As 2013 draws to a close, we say farewell to another year of blogging. Over the past 12 months, us here at Usabilla have been producing an average of two articles a week. My primary school maths tells me that is over 100 pieces of new content out there – providing all manner of tips, tricks and discussion.

Admittedly, this may be a bit much for you all to wade through. So to ease that experience, our most successful UX articles of the past year have been summarised here for you to get a feel of just what’s happened in 2013.

In these Five articles, you’ll:

  • Get involved in the discussion as to whether Flat Design is Here to Stay
  • Learn that Flat Design is Here to Stay (slightly contradictory..!)
  • Discover just where Microsoft went wrong with Windows 8
  • Read about the origins and success of the UX profession, and where it is headed.
  • Learn how to improve your website footer.

In no particular order:

1. Flat Web Design: Trend Or Revolution?


Flat Web Design: Trend Or Revolution? by Sabina Idler.

  • “Every so often, new ways of doing something sneak into our lives and work habits. Reasons for this can be changing personal preferences, new technologies, or simply the urge to follow trends. A recent new habit in web design is a flat design approach. ”

Sabina’s brilliant article at the beginning of September whipped up quite a discussion. With Flat Design being the design trend of 2013, there has been no end to the converts. Here she details the main benefits of this new technique, and questions it’s sustainability in the long term.

This turned into quite an emotive subject and is certainly worth the read – it may even help you draw your own conclusions as we all still await the outcome!

2. The 4 UX Principles Microsoft Forgot That Doomed Windows 8


The 4 UX Principles Microsoft Forgot That Doomed Windows 8 by Ben Snyder.

  • “Microsoft has bet the future of Windows on a risky strategy of creating an operating system that works on both tablets and desktops. This seemingly smart strategy is doomed for a number of reasons, but mostly, they just forgot the basics.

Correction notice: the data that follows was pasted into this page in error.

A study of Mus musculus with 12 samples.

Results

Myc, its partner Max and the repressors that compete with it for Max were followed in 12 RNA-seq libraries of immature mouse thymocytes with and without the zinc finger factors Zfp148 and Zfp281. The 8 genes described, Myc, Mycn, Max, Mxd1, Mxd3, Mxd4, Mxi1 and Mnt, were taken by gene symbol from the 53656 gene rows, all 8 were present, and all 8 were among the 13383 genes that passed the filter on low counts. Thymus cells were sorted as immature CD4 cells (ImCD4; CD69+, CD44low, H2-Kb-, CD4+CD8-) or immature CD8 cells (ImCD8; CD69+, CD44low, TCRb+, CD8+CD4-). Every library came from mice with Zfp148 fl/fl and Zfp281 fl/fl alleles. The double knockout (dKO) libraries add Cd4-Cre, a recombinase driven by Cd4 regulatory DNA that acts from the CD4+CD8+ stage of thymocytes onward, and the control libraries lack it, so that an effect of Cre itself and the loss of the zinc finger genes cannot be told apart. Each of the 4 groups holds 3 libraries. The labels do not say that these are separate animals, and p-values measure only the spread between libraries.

They didn’t know their customer. They didn’t solve a problem. Their messaging is unclear and they ignored user research.”

Guest author Ben supplied this brilliantly, scathing, article about Windows 8 in January. Windows 8, launched at the backend of 2012, has seen some very mixed reactions – largely due to it’s move to flat design and attempts to create the same experience across all devices.

Well written, the article identifies exactly where Microsoft went wrong, and why I’m writing this article on a Mac. A captivating read, well worth your time – wherever your allegiances lie.

3. How to Design a More Effective Website Footer


How to Design a More Effective Website Footer by Sabina Idler.

  • “In previous articles, we already discussed some aspects that make your website more effective, such as your website header, navigation menu, and content structure. Now, lets take a look at your website footer. Every website has one and there are many different things you can do improve your website footer.”

Adding to our long list of How-to’s, Sabina’s article effectively shows what is essential in pulling off a great Website Footer. Using some of the best examples from around the Web to give you that little bit of inspiration.

Often left forgotten at the bottom of your website, find out how to improve one of your most important navigation functions!

4. User Experience: Where has it come from and why is it here?


User Experience: Where has it come from and why is it here? by Oliver McGough.

  • “There has never been a better time to be a UXer. A quick browse over any job site or forum reveals a plethora of Web-related User Experience positions. You needn’t be a genius to notice the demand is there, and it is huge! But where has this all come from?”

My own token entry on the list, this is the best article of the bunch (obviously) and represents my debut on the blog.

These past few years, User Experience (UX) has seen a surge in demand. A surge that has also seen ‘traditional’ web design fall. In this article I detail the origins of the practice in marketing and HCI, as well as discuss why the profession is doing so well now and where it could be leading in the future.

5. Flat Design Web Design is Here to Stay


Flat Design Web Design is Here to Stay by Sabina Idler.

  • “Lately, there has been a big discussion going on about flat web design. Some think it’s just a trend. Others believe it will change the way we design for the web forever.”

Completing her hat-trick, our chief blogger comes up top-trumps here in a follow up to her previously mentioned Flat Design article.

Using our own Usabilla Survey, Sabina gathers the thoughts and opinion to uncover what professionals really think of flat design. Uncovering just why it is here to stay with reliable data.